Using Video Games to Hack the Experience Curve
Video game training programs are effective because they provide a low-risk environment to develop real-world skills. Consider the tasks of flying an airplane in a storm or pursuing a criminal in a high-speed car chase. Simulations help individuals develop the physical and mental skill sets they need to perform in high-pressure situations. However, unless there is a risk of bodily harm, game-based training is still relatively rare: In a 2016 survey, only 16 percent of companies said they intended to invest in training games or simulations in 2017. That may soon change.
Cognitive Games for Intelligence Personnel
The results from a recent government research project offer a reason to expand the scope of video game-based training. In 2015, IARPA (the Intelligence Advanced Research Projects Activity) concluded the Sirius Program, a five-year project that sought to use cognitive video games to improve the decision-making skills of intelligence agents. More specifically, the video games trained individuals to identify, and then overcome, several common cognitive biases when making decisions.
The games targeted six decision biases: confirmation bias, anchoring bias, representative bias, bias blind spot, projection bias and fundamental attribution error. These six biases were chosen because of their impact on intelligence analysis, but they are also prevalent in a variety of business disciplines. From investment management to hiring and recruiting to sales and marketing to artificial intelligence, cognitive biases are as ubiquitous as they are difficult to overcome.
The results from the program were astounding. IARPA tested hundreds of individuals on the impact of the bias mitigation games and compared them to a control group that watched instructional videos. Based on percentage point improvement over their base score, the video game players’ improvement was as much as three times greater than the control group. Moreover, when tested for information retention eight to 12 weeks later, the game players retained their skills, while the control group reverted to pre-experiment levels.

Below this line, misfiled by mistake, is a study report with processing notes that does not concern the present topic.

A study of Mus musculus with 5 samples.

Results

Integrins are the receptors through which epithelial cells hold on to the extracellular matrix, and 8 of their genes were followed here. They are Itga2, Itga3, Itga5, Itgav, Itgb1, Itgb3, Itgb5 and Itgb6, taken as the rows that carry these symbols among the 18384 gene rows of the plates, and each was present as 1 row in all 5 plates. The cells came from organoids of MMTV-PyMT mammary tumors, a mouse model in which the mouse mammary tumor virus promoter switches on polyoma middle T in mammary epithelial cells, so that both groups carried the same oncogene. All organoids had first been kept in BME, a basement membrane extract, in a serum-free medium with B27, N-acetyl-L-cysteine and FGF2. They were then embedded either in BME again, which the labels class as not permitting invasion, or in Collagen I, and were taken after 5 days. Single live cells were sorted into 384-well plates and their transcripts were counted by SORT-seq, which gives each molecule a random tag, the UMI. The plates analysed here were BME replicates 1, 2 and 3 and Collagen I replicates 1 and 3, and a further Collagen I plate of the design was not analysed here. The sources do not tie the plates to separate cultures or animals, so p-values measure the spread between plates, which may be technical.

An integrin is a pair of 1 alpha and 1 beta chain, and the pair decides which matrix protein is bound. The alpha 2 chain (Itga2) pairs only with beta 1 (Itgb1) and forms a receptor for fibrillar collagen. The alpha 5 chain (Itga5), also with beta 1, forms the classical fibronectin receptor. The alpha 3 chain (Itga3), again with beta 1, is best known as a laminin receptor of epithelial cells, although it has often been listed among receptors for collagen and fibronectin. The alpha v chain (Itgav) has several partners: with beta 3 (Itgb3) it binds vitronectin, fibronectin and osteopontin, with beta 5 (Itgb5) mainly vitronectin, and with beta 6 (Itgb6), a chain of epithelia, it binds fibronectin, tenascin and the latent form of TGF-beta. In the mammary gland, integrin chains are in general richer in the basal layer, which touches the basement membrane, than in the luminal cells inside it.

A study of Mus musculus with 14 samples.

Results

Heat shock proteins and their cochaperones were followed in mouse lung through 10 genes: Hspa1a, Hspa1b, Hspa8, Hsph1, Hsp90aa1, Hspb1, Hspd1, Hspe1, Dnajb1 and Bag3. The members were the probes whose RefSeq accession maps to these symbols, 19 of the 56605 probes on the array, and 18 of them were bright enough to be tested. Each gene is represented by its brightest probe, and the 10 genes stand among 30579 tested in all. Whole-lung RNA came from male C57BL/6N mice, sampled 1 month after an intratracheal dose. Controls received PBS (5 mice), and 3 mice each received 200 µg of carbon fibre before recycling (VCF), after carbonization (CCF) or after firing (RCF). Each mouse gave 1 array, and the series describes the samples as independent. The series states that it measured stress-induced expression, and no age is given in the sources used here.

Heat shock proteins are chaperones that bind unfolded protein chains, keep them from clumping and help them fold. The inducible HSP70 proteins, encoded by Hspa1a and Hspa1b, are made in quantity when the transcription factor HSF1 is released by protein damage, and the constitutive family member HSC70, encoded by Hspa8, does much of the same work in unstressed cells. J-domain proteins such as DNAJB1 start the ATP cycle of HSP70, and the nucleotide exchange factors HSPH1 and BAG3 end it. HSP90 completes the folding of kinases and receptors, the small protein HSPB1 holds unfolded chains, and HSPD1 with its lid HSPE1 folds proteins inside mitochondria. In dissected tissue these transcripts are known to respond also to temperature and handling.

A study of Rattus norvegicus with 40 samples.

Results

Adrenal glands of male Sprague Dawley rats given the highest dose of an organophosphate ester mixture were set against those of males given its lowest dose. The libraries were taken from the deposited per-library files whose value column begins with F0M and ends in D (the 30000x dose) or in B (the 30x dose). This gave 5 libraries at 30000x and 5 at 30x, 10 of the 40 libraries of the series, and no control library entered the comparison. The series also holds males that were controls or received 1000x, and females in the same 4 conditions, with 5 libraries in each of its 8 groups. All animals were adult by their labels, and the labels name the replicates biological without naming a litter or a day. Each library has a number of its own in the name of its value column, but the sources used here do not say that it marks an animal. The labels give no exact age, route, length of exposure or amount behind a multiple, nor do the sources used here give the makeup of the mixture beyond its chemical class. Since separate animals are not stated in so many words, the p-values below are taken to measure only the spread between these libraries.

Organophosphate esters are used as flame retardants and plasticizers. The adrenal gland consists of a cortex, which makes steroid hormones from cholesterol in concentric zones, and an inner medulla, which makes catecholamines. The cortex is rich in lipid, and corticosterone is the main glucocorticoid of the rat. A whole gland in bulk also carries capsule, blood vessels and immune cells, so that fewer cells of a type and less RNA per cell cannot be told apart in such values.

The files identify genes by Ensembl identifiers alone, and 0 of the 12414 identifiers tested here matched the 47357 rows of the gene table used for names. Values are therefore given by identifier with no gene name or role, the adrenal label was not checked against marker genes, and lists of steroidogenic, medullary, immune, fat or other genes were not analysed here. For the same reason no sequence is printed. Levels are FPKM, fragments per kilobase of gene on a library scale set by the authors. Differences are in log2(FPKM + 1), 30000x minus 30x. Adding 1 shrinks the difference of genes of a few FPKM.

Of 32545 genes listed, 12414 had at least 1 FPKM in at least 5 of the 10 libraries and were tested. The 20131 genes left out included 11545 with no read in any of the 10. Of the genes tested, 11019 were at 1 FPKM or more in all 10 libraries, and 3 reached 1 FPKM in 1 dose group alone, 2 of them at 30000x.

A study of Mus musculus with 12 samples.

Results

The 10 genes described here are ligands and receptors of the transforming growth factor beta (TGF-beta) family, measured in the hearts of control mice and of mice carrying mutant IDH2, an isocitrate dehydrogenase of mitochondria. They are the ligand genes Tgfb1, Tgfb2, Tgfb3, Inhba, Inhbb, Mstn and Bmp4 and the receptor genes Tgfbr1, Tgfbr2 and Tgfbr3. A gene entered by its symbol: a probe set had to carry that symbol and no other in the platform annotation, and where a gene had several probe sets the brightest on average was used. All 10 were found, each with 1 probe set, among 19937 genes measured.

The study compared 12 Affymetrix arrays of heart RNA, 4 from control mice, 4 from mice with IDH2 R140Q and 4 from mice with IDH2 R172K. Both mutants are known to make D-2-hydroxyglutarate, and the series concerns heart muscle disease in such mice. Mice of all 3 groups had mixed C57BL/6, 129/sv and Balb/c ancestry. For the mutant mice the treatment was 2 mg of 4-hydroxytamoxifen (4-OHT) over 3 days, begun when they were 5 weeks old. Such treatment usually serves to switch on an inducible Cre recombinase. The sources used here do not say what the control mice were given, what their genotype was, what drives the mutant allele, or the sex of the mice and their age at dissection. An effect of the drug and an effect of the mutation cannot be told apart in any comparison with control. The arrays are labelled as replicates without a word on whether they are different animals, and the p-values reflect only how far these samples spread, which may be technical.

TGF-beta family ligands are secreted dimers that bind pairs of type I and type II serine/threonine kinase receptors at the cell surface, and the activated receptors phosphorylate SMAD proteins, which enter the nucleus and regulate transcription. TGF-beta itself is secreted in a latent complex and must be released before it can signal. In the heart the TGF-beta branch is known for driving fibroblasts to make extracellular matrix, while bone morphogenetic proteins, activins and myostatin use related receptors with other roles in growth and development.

The Pitfalls of Trial-and-Error Skill Development
To understand why training video games can offer so much value, it is important to appreciate how individuals develop skills. Skills are developed through practice, and the more difficult the skill, the more practice we require. Passive learning mechanisms, such as instructional videos or educational readings, may provide insights on how to practice. However, they can never substitute active engagement. No NBA player made it to the league because he watched 10,000 hours of highlight videos.
The same is true with decision-making skills. While the latest book on strategy may claim to improve the reader’s business acumen, direct experience is a much more powerful change agent. The problem is that good judgment comes from experience, and experience comes from prior instances of poor judgment. Too often, companies rely on the trial-and-error of real events to improve business competencies in their workforce. And the errors can be costly.
The Value of Training Video Games
Training video games offer an opportunity to hack the system: Employees can fast-track the experience curve by learning how to avoid mistakes in an environment that is immersive; interactive; and, most importantly, risk-free. The IARPA games equip individuals with foundational skills in decision-making and bias mitigation, and the skills are applicable across industries and disciplines. However, one could also envision video games tailored to specific business scenarios. Financial trading simulations exist, but what about a game that scores analysts on their ability to deduce meaning from complicated datasets? Or a simulation that prepares CEOs for stressful board meetings? Or a tool that teaches managers to remove social biases from their personnel decisions?
Honeygrow, a fast-casual restaurant chain, shares a glimpse into the future. The company uses VR simulation games to train new employees on food preparation and company culture. This application illustrates the appetite for novel, technology-driven approaches to employee training and the variety of applications that game-based solutions can offer. Employees may not need a headset to learn how to make a salad, but it’s useful for companies to explore new, creative ways to engage and train their workforce.
Andrew Strong is the head of decision solutions at Correlation One.